Bangladesh: still the first choice for apparel sourcing after China
Bangladesh is still the first choice for apparel sourcing after China, but other countries are fast catching up, McKinsey & Company, a global management consulting firm, said in its latest report.
The report styled 'Sourcing in a volatile world -- the East Africa opportunity' singled out Ethiopia, billing it as the one to watch out for -- for the first time.
The positive outlook on Sub-Saharan Africa is being spurred by anticipated long-term growth in the region's employable population, which will reach levels similar to those of China by 2035.
“It is true that African countries are coming up in the global apparel trade, but it will take at least ten years for them to become our competitors as they are still in the very initial stages,” said Atiqul Islam, president of Bangladesh Garment Manufacturers and Exporters Association. At the moment, Sub-Saharan Africa has only a 0.56 percent share, or $2.6 billion, of the entire global volume of clothing exports.
“We have an added advantage now as the Accord and Alliance [the two foreign building inspection agencies] have certified more than 98 percent of our factories to be safe after the inspection,” he added.
Released last week, the report interviewed the chief purchasing officers (CPOs) of retailers from Europe and the US, whose combined sourcing stands at $70 billion.
Asked to rank their most important future sourcing destinations, the respondents identified Bangladesh, Vietnam, Myanmar, and Ethiopia.
Around 74 percent of the CPOs said they are planning to decrease their sourcing value share from China, where the costs of production have spiralled in recent years for shortage of workers.
They are looking at East African nations of Ethiopia and Kenya as possible alternatives.
Some 40 percent of the buyers indicated that sub-Saharan Africa will become more important to the apparel industry in the next five years, in contrast to 24 percent in the last edition of the survey, which came out in 2013.
Citing Africa as the new Asia for the apparel industry, the survey report said the CPOs on average plan to increase their currently very low levels of sourcing from Sub-Saharan Africa nearly tenfold by 2020 -- from 0.3 percent to 2.8 percent.
“There is extensive potential in Sub-Saharan Africa and it remains untapped. Nevertheless, it is essential to analyse the countries in this region at a granular level,” the report said.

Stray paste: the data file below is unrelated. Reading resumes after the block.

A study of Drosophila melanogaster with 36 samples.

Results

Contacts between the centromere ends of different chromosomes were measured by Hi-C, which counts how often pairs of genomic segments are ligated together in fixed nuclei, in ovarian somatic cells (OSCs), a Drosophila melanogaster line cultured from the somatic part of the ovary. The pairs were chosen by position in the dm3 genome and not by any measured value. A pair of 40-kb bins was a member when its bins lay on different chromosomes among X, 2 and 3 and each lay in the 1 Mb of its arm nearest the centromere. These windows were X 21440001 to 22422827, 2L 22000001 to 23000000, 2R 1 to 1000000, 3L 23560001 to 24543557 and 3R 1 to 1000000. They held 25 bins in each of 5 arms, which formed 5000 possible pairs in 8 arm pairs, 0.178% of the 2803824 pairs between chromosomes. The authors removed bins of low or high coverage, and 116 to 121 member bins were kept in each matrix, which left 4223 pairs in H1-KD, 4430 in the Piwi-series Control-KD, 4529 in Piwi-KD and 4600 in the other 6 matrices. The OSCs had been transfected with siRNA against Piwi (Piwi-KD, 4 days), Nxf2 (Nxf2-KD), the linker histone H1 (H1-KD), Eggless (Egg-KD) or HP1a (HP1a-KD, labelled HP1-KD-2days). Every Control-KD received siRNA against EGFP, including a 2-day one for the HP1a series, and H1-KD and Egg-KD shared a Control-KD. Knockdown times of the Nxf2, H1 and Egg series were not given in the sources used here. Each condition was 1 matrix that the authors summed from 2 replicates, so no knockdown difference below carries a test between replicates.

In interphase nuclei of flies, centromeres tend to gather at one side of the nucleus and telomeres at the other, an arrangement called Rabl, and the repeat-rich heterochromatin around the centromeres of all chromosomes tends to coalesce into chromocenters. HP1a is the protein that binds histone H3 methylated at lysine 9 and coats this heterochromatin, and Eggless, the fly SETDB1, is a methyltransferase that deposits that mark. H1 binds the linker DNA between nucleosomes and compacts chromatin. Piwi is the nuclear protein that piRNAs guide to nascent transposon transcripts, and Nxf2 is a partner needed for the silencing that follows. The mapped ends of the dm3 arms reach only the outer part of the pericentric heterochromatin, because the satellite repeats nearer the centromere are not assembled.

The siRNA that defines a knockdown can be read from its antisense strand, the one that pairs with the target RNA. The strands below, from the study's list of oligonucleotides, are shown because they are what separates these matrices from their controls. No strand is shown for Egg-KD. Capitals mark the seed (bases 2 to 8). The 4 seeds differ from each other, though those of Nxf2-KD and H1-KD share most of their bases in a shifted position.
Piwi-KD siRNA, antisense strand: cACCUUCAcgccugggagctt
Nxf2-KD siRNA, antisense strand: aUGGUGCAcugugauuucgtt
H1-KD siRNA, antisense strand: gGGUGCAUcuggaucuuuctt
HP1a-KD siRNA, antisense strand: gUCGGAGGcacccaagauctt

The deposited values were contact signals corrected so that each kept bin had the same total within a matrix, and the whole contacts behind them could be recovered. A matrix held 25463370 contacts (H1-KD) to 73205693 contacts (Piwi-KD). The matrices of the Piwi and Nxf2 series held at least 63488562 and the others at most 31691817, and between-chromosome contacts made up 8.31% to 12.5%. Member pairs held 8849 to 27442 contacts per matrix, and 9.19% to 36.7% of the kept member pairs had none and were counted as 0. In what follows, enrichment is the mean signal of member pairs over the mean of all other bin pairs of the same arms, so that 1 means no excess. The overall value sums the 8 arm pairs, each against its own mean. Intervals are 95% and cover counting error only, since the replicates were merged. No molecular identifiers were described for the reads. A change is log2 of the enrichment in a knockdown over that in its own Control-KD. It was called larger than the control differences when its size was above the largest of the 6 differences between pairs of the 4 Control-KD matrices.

Scenarios show that even with exponential growth these countries will remain a small part of the global sourcing map in the next five years, but with investments from all the stakeholders involved, the future potential can be realised, the survey also said.
Of those surveyed, 28 percent expect to start sourcing in Ethiopia by 2020, while 8 percent are planning to increase their sourcing share in the African nation.
For Kenya, the figures are 13 percent and 5 percent respectively. Approximately one-quarter of the companies surveyed said they have sourced from Sub-Saharan Africa in the past 12 months.
“These two countries now have opportunities to boost their share of the global sourcing market,” said Achim Berg, a partner of McKinsey & Company, in the report.
While Ethiopia has benefits on the cost side, such as labour and energy costs, Kenya offers higher levels of productivity.
But there are still some hurdles that both countries need to overcome: they must work to ensure social standards and legal security as well as fight corruption, according to Berg.
Currently, Bangladesh is the second largest apparel exporter after China. It has a 5 percent share in the more than $450 billion global apparel market.
In fiscal 2013-14, the country raked in $24.50 billion from garment exports, according to Export Promotion Bureau.
“China continues to dominate the sourcing market. Bangladesh, Vietnam, and Myanmar generate less than one-third of China's export value,” Berg said.
At present, China accounts for 39 percent, or $177 billion, of the global clothing exports a year.
“And yet, the trend of seeking out new sourcing destinations continues.”
Three-quarters of the CPOs surveyed expressed a desire to shift at least a portion of their production from China to other countries.
In 2011 and 2013, McKinsey carried out similar surveys, where leading CPOs tipped Bangladesh to export $42 billion worth of garment products by the end of 2020.
But in December last year, the garment manufacturers set out a target to hit $50 billion in exports by 2021.